In Recipes and Nutrition

Is there anything better than the smell of fresh baked bread? Try this recipe from America’s Test Kitchen and see for yourself.



  • 2 cups boiling water
  • 1 cup (5-ounces) 7-grain hot cereal
  • 3 tablespoons unsalted butter, melted and cooled, plus more for brushing
  • 3 tablespoons honey
  • 2 1/2 to 3 cups (12 1/2 to 15 ounces) all-purpose flour
  • 1 cup (5 1/2 ounces) whole wheat flour (I used white whole wheat)
  • 2 1/4 teaspoons instant or rapid-rise yeast
  • 1 1/2 teaspoons salt
  • 1/2 cup unsalted pumpkin seeds or sunflower seeds (I used pumpkin)
  • 1/4 cup old-fashioned rolled oats or quick oats


  1. In a medium heatproof bowl, stir the boiling water together with the 7-grain cereal.  Let sit, stirring occasionally, until mixture thickens and cools to about 110 degrees.  This takes about 30 minutes. Stir in melted butter and honey.
  1. In the bowl of a stand mixer fitted with the dough hook, mix together 2 1/2 cups of the all-purpose flour, the whole-wheat flour, yeast, and salt.  On low-speed, add the warm cereal mixture and mix until dough comes together, about 2 minutes.
  1. Continue kneading the dough until it is smooth and elastic, about 8 minutes.  About halfway through, check to see if more flour is needed.  The goal is for the dough to clear the sides of the bowl but stick to the bottom.  If more flour seems necessary, add the remaining 1/2 cup of all-purpose flour, one or two tablespoons at a time.  During the final minute of mixing, add the pumpkin (or sunflower) seeds to combine.
  1. Turn the dough out onto a lightly floured surface.  Knead it by hand to form a round ball, then place the dough in a lightly greased bowl and cover it with a piece of greased plastic wrap.  Let rise in a warm spot until doubled in size, about 1 to 1 1/2 hours.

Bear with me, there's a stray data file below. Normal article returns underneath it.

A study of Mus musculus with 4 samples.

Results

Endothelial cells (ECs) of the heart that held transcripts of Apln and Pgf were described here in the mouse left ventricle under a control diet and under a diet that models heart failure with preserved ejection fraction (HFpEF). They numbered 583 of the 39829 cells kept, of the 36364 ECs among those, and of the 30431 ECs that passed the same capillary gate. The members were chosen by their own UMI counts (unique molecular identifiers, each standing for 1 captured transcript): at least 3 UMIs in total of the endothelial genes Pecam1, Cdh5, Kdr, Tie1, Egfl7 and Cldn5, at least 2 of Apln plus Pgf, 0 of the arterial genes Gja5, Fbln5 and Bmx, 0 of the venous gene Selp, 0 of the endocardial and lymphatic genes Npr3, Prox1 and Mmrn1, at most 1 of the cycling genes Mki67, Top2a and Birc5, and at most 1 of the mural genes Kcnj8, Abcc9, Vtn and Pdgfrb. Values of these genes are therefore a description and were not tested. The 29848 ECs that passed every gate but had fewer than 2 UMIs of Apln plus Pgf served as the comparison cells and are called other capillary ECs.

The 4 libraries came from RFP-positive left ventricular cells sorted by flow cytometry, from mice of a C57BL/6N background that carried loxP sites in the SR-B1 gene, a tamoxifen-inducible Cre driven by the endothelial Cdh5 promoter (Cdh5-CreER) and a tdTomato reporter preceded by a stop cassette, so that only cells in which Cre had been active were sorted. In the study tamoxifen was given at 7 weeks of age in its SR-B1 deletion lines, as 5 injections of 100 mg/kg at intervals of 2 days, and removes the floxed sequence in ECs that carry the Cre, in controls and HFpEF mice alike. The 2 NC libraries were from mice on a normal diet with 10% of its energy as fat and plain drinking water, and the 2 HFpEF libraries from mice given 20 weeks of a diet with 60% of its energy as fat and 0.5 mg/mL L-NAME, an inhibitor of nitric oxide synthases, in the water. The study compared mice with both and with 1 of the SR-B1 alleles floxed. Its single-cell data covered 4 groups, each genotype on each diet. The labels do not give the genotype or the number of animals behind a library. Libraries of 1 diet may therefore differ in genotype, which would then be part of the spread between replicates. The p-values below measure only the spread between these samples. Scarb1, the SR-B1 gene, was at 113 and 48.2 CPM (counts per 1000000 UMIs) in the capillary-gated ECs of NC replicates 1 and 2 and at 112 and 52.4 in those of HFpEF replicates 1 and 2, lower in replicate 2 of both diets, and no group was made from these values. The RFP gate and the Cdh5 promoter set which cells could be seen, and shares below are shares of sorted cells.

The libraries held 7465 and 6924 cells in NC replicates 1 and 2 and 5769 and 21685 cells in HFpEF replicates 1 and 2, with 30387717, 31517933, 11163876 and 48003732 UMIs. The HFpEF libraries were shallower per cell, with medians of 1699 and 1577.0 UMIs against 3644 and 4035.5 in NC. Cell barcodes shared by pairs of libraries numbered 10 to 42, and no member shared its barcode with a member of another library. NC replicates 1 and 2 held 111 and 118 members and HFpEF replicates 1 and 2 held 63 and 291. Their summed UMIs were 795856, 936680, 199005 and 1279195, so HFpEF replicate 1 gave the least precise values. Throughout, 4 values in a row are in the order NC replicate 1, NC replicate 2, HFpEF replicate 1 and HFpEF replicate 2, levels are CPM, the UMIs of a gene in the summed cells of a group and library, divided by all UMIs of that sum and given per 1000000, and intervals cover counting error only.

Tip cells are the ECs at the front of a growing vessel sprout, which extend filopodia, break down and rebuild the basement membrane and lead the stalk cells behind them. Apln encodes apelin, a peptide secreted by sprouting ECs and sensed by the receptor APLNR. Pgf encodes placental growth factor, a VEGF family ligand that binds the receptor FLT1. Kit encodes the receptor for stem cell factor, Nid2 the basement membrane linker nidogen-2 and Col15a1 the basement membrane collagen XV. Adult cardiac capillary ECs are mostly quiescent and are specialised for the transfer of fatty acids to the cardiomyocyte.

1. Grease a 9 x 5 inch loaf pan with cooking spray.  Turn the risen dough out onto a lightly floured surface and gently press it into a 9-inch square.  Roll the dough up tight into a cylinder and pinch the seams close.  Place the loaf, seam side down, into the pan.  Lightly spray the top of the loaf with cooking spray, cover loosely with plastic, and let rise again in a warm spot until about doubled in size and the dough barely springs back when gently pressed, roughly 45 to 75 minutes*.
  1. Have oven preheated at 350 degrees with a rack in the middle position.  Before baking, brush the top of the loaf with some melted butter, sprinkle with the oats, and lightly spray the top with water. Bake until golden and the center registers 200 degrees, approximately 40 to 50 minutes, rotating the pan halfway through baking.
  1. Let bread cool in the loaf pan for about 15 minutes before turning out and letting it cool fully on a wire rack for about 2 hours before serving.

*Note: From our cooking class’s experience, it’s best to test the readiness of the dough rather than only relying on the time measure.  The bread is ready when you lightly press it with a moistened finger or your knuckle and it feels springy.  The indentation you made should slowly fill back in. If it doesn’t fill in, the dough has risen for too long (which will make for a dense, short loaf). If it fills back very quickly, it needs more time to rise (under-risen dough will make for a dense loaf that may tear on top). Enjoy!